Systemic Risk Monitoring is Inadequate, Say Risk Management Experts
May 7, 2010
Collecting system-wide data is critical to monitoring systemic risk, say chief risk officers, who also agree that current risk monitoring resources are inadequate, and that efforts to standardize and aggregate this type of data would significantly improve systemic risk management.
The conclusions are part of survey results released Thursday by the Professional Risk Managers’ International Association (PRMIA) and the CE-NIF (Committee to Establish the National Institute of Finance).
The survey, conducted in March and April, included 98 U.S.-based C-suite chief risk officers and their direct reports.
Over 80 percent of the risk experts say they consider current systemic risk monitoring resources are inadequate. Nearly three-fourths also said that system-wide data is critical to monitoring systemic risk, while a further 73 percent believe that standardized data protocols would be valuable.
Nearly two-thirds of the experts also said that government efforts to collect system-wide data would be a major undertaking, but doable and worth the effort
The experts also broadly agree that future efforts to standardize and aggregate this type of system-wide data would significantly improve systemic risk management.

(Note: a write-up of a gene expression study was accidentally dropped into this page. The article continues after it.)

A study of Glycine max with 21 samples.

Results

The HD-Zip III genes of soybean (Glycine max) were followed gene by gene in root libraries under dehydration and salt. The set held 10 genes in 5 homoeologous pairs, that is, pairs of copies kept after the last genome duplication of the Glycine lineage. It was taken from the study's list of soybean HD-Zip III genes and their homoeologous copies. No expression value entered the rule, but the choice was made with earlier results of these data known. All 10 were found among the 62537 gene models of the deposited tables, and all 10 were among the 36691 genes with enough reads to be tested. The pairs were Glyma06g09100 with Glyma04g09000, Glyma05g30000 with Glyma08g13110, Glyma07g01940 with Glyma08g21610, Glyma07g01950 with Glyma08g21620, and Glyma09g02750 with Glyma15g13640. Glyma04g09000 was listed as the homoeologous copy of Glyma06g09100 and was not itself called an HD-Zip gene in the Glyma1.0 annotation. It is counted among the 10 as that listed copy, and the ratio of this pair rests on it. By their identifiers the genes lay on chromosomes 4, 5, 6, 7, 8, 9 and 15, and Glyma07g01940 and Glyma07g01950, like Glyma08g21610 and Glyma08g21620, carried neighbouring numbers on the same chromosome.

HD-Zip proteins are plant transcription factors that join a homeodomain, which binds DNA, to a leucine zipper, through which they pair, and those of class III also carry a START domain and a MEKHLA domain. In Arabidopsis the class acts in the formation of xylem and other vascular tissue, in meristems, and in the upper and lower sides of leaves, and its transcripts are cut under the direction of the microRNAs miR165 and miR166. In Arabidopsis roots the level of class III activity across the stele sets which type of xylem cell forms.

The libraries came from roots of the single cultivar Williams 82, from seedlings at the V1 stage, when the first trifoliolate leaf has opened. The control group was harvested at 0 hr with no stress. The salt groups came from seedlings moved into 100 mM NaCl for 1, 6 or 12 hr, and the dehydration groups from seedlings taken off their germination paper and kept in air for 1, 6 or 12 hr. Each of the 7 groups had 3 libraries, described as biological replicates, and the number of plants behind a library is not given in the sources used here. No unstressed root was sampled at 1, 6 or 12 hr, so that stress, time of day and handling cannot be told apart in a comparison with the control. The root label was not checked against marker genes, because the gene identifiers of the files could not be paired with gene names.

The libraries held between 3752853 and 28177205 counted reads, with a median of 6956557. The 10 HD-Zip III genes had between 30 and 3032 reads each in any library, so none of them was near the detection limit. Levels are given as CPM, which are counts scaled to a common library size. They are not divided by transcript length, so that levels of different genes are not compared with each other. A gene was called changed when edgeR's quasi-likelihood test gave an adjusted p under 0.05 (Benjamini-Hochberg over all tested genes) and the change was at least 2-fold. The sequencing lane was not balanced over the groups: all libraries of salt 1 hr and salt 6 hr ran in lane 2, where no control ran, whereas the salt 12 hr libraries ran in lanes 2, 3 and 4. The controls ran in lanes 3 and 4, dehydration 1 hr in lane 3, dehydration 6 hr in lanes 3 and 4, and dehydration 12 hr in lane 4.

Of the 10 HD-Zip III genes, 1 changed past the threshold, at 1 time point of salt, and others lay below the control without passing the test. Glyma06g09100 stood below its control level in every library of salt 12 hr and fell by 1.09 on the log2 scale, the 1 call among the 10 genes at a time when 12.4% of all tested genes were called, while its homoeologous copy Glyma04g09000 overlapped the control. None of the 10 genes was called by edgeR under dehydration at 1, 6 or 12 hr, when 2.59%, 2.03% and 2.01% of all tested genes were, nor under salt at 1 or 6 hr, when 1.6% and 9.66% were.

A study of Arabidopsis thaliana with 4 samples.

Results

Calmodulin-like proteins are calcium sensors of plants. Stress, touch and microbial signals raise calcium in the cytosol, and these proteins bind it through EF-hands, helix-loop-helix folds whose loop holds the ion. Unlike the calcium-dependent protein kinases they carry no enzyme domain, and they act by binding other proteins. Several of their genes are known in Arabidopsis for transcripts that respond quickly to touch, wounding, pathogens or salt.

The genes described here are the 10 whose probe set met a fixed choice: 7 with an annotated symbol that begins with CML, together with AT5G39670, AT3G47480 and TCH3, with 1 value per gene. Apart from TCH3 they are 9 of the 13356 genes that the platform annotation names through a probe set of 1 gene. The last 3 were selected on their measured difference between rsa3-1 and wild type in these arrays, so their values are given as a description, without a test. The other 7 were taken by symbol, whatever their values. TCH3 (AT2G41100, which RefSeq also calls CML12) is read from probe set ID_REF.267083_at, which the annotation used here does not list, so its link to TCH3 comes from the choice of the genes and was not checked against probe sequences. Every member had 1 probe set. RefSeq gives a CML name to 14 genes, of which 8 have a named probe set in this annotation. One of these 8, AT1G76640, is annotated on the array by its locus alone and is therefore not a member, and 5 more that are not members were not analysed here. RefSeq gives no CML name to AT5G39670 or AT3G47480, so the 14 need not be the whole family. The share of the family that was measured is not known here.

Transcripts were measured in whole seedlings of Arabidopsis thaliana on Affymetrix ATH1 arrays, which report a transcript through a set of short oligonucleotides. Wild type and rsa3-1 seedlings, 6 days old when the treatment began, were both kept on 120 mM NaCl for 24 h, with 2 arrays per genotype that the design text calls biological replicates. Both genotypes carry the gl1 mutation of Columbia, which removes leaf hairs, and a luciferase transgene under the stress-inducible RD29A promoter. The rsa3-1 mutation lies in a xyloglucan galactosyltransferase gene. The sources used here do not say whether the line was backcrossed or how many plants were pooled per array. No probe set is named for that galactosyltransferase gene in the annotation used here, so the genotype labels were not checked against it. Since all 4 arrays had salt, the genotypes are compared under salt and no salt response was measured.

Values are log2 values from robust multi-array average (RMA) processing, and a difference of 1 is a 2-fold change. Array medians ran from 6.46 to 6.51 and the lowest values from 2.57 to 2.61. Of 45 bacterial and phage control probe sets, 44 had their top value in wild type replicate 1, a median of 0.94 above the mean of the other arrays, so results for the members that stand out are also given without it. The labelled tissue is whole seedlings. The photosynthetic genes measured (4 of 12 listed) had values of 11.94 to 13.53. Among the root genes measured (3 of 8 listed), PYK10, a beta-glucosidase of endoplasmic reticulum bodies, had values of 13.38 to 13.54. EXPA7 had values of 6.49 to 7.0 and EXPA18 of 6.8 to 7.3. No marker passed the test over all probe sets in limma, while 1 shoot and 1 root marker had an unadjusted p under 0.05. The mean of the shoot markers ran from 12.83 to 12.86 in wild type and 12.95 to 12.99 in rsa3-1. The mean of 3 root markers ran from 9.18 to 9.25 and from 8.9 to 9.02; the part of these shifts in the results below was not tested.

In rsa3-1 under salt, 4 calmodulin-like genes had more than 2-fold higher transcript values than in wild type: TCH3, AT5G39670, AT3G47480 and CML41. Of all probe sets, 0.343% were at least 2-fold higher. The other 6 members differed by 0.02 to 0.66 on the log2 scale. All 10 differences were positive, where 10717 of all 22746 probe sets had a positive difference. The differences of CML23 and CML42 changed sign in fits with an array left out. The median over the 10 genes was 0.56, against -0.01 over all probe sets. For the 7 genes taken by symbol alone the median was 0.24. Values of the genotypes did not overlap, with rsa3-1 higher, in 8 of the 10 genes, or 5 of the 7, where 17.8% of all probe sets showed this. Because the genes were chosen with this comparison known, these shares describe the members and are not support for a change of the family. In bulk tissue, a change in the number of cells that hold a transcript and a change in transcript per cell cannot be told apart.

The creation of an Office of Financial Research, tasked with aggregating and analyzing system-wide financial data, is one of the provisions in the regulatory reform legislation currently being debated in the Senate.
“Senior risk managers have been voicing their concerns about untreated financial systemic risk for many months,” said Steve Lindo, Executive Director of PRMIA. “With regards to managing system-wide risk, the financial sector is behind other industry sectors which have already established systemic risk management initiatives.”
“This confirms the view that the most senior risk managers …support the responsibilities assigned to the Office of Financial Research and recognize the value of its creation,” added Dr. Allan Mendelowitz, speaking on behalf of the CE-NIF.
“The recent financial crisis spotlighted significant weaknesses in the capabilities of regulators,” he added. “In response, the Committee to Establish the National Institute of Finance has been working to equip financial regulators and policy-makers with much better detailed data and the improved analytical capacities that are needed to understand and respond to future threats to financial stability. We are greatly encouraged by the broad and strong support for this effort on the part of financial risk management executives.”
PRMIA is a non-profit, member-led association with 60 chapters around the world. CE-NIF is a non-partisan, volunteer group formed by current and former financial executives. It includes sic Nobel economics laureates.